Hey, remember last year when it seemed like everyone was repeating FDR’s “I agree with you. I want to do it. Now make me do it.” mantra to suggest that despite Obama’s apparent lack of enthusiasm for progressive policies, he simply needed us to push him so he’d have a pretext for doing the right thing?

How’d that work out for us?

Consider: Through the tireless work of Jane and many others, the progressive community got 60+ representatives to pledge to oppose any health care reform bill that did not contain a public option; a bloc that would make such a bill impossible to pass.  That sounds pretty “make me do it,” right?  (Sure, now the progressives are folding like they always do, but Obama could have easily pretended to take them seriously.)

And what happened?  First Obama made no attempt to pressure Ben Nelson or Joe Lieberman to vote for cloture – and only cloture – on the public option, nor did he ever press Harry Reid to try to pass it through reconciliation.

Then, when Scott Brown took Teddy Kennedy’s seat and forced reconciliation back onto the table, Obama still made no effort to push for the once-again-attainable public option, and even excluded it from his own sidecar proposal, despite the high probability that it would pass, the progressive PO-Or-Bust pledge, and the new “Public Option Please” letter.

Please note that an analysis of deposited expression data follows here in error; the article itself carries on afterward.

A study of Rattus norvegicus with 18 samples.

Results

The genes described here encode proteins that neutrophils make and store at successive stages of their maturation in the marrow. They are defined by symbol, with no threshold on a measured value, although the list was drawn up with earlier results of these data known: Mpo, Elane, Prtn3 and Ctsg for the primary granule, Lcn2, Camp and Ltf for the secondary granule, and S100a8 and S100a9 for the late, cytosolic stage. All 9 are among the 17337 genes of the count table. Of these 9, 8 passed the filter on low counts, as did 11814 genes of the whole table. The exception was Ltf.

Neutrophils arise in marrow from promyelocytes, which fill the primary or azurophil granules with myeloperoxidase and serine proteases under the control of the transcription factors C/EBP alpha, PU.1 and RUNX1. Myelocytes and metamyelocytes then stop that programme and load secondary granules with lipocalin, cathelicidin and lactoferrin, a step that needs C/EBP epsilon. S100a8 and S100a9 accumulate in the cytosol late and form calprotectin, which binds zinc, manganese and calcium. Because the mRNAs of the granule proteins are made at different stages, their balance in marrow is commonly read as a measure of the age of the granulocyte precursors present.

Only when the public option was safely removed from the conversation did Obama and all his supporting organizations unleash all the personal arm-twisting and full-court press that we crazy hippies were supposedly so unrealistic to expect from them last year.

Which makes me wonder what Obama really wanted to do and who he wanted to make him do it.  The progressives who formed a voting bloc that, if it held, would have made it impossible to pass health care reform without thepublic option?  The Liebercrats who threatened to vote against cloture unless the public option was eliminated?  Or the Republicans whose unrelenting obstructionism gave Obama the excuse he needed to cave in on the public option even though they were essentially irrelevant to a reconciliation vote?

When the “make me do it” bar is so much higher for progressives than it is for Republicans and Nelsons and Liebermans, it’s awfully hard to believe that we were the kindred spirits Obama was looking to for help.  In fact, it almost looks as though Obama made some kind of secret deal to ensure that the public option would never see the light of day, but surely that’s crazy talk.

(For a superfun extra-credit assignment, try asking the “Who does Obama want to ‘make me do it’?” question about other progressive policy issues, like financial industry reform, climate change, LGBT rights, immigration, EFCA, civilian trials, etc, and see what you come up with.)